Marcus and the Amazons @ Keiser University
Sometimes, reading for an audience never goes quite as planned.
I had prepared my notes, PowerPoint, and bundled all my books, including Dub Wise, for my reading at Keiser University on July 13, 2011.
At first, everything went as planned. I read from the first chapter of Marcus and the Amazons and encouraged the students to download the preview at Amazon. I also introduced the students via my PowerPoint to the book trailer, Facebook page, and blog for Marcus. But then, something happened that took me off my plan. The students were keenly interested in e publishing and the process of creating Marcus and the Amazons.
The question gave me the opportunity to speak about the genesis of Marcus and the Amazons, and the challenges of being an Indie author in a digital environment.
The first challenge is the stereotype that many readers associate with Indie publishing. But as John Locke has explained, no one calls it a "vanity business" if you decide to set up an independent insurance company (as he did), but if you self-publish, it's called "vanity publishing." The other stereotype is that a self-published book is somehow lower in quality than those books coming out of the major publishing houses in New York and London. This is a stereotype that many Caribbean writers still confront, and which, sadly, is one of the legacies of colonialism: the goods and services of the "mother country" are always superior to anything "local."
These are just a few of the issues that an Indie author must face before she has written a single word. Then, there are the doubts: Am I good enough? What will my peers think? What if it doesn't meet up to my standards of taste? But you have to push through and write.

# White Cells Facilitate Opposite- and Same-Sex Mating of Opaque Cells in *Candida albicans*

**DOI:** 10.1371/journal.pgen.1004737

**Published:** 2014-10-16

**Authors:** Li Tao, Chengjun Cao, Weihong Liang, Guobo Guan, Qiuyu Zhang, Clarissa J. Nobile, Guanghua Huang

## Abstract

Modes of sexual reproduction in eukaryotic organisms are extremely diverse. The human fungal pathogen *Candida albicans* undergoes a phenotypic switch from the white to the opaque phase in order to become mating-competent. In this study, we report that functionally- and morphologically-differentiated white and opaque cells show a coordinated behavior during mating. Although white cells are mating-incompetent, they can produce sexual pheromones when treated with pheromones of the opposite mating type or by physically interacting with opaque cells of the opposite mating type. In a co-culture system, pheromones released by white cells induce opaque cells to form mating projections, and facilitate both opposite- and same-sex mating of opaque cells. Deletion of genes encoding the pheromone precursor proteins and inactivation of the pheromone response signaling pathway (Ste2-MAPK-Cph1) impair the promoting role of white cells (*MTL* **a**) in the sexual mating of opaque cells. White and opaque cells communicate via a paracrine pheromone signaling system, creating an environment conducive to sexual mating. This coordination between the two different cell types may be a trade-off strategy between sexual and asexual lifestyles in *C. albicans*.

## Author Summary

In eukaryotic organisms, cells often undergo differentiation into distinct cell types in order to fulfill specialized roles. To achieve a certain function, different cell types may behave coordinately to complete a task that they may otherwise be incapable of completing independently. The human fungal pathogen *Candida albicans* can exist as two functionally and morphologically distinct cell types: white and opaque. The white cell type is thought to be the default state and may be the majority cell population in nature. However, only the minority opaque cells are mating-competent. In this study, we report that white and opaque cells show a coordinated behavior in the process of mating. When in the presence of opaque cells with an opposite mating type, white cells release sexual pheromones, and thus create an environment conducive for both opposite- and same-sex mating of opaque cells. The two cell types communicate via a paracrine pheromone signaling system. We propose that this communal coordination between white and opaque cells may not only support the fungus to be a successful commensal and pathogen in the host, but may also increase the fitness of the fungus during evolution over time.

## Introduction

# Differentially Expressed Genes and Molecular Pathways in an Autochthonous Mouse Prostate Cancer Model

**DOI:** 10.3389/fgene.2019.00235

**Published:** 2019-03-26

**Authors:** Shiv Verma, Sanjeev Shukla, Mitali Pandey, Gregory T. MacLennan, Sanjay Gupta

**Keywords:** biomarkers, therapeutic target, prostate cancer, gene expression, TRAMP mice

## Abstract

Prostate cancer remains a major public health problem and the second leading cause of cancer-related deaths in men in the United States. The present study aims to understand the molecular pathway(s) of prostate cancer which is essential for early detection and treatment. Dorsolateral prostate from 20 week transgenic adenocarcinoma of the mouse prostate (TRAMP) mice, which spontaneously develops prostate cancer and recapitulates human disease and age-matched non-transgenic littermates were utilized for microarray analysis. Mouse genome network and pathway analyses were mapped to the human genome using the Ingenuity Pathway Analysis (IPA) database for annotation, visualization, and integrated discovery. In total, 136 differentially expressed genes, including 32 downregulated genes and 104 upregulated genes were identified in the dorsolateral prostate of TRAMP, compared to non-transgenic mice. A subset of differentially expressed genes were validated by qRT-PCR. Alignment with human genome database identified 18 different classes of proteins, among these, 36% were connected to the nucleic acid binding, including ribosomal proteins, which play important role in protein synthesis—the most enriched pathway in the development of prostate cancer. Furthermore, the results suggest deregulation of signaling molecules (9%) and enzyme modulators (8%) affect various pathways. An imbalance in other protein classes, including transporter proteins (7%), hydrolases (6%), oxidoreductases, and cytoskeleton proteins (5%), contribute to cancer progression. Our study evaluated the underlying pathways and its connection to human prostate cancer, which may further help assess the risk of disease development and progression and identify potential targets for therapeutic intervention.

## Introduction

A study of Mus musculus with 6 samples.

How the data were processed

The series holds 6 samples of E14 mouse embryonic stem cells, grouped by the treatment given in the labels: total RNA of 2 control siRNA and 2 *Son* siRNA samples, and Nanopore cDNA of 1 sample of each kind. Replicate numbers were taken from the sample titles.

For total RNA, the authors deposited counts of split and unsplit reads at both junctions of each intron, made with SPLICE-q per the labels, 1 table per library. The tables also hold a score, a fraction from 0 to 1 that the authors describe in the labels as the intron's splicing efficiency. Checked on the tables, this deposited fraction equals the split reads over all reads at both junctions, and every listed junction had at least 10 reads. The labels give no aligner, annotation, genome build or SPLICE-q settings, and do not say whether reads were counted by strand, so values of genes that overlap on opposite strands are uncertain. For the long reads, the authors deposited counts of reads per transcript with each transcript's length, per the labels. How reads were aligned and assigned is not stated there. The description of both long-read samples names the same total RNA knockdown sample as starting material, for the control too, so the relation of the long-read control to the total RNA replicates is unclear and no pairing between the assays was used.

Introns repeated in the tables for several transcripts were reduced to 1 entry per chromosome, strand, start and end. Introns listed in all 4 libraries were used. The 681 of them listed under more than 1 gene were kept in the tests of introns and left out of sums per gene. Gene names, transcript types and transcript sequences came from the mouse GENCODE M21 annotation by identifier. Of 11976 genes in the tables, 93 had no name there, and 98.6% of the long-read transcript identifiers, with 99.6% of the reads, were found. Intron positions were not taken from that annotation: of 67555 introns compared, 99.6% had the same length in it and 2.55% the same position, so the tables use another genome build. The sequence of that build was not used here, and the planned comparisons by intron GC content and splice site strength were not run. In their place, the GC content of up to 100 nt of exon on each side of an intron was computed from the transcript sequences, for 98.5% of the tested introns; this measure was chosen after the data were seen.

Then, after you've written the manuscript, proofread at least ten times, and sent it off to a copyeditor (as I did), the next step is formatting. Fortunately, my son did most of that for me and my other son, Patrick Pollack, created the graphics. Uploading to Smashwords and Amazon was the easiest part of the process.
Next, comes the marketing, which some writers find distasteful. There are many authors who would much rather write the book, turn it over to a publisher, and let the publishers worry about the rest. These authors complain that marketing takes away from their writing time. It does. This is why Indie authors rely so much on the support of their readers.
When you are an Indie writer, you are the author, editor, proofreader, PR, therapist, coach, and booking agent. And you have to do all this while sometimes holding down a full time job. As I said to the students, "To be an Indie author, you must have the discipline of a warrior and the whimsy of a fool."
With that, I thought I was done, but the students wanted more. So, I read from Cry to Me, Third Time, and Dub Wise. It wasn't enough. I ended the reading with a poem from Twelve Poems and a Story for Christmas.
It was a great experience to read and talk with the students at Keiser University, who took me out of my comfort zone with the probing questions. Give thanks to Belkis L. Cabrera, for inviting me, and to Alissa Stone and Henry Georget for their generous support of my work.